EFF Applauds ‘Massive Change’ to HTTPS

“The movement to encrypt the web reached milestone after milestone in 2017,” writes the EFF, adding that “the web is in the middle of a massive change from non-secure HTTP to the more secure, encrypted HTTPS protocol.”
In February, the scales tipped. For the first time, approximately half of Internet traffic was protected by HTTPS. Now, as 2017 comes to a close, an average of 66% of page loads are encrypted, and Chrome shows even higher numbers. At the beginning of the year, Let’s Encrypt had issued about 28 million certificates. In June, it surpassed 100 million certificates. Now, Let’s Encrypt’s total issuance volume has exceeded 177 million certificates…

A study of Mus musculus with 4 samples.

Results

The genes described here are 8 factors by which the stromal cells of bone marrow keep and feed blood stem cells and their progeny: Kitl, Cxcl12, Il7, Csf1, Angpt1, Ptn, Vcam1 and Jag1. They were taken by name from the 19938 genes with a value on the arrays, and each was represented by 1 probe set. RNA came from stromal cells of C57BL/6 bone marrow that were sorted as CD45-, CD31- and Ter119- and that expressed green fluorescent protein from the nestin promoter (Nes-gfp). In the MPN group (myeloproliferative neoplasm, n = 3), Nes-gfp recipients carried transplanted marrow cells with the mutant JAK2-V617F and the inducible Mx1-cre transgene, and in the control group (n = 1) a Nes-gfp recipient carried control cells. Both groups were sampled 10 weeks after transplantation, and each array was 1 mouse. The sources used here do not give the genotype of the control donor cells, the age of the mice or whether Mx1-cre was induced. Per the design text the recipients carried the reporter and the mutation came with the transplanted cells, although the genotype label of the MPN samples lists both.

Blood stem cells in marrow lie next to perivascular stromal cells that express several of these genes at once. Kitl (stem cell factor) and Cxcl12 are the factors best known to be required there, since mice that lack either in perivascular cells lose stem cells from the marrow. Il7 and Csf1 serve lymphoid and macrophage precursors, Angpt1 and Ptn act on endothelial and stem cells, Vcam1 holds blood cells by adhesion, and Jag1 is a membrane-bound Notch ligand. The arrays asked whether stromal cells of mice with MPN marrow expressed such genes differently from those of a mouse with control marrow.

Browsers have been pushing the movement to encrypt the web further, too. Early this year, Chrome and Firefox started showing users “Not secure” warnings when HTTP websites asked them to submit password or credit card information. In October, Chrome expanded the warning to cover all input fields, as well as all pages viewed in Incognito mode. Chrome has eventual plans to show a “Not secure” warning for all HTTP pages… The next big step in encrypting the web is ensuring that most websites default to HTTPS without ever sending people to the HTTP version of their site. The technology to do this is called HTTP Strict Transport Security (HSTS), and is being more widely adopted. Notably, the registrar for the .gov TLD announced that all new .gov domains would be set up with HSTS automatically…
The Certification Authority Authorization (CAA) standard became mandatory for all CAs to implement this year… [And] there’s plenty to look forward to in 2018. In a significant improvement to the TLS ecosystem, for example, Chrome plans to require Certificate Transparency starting next April.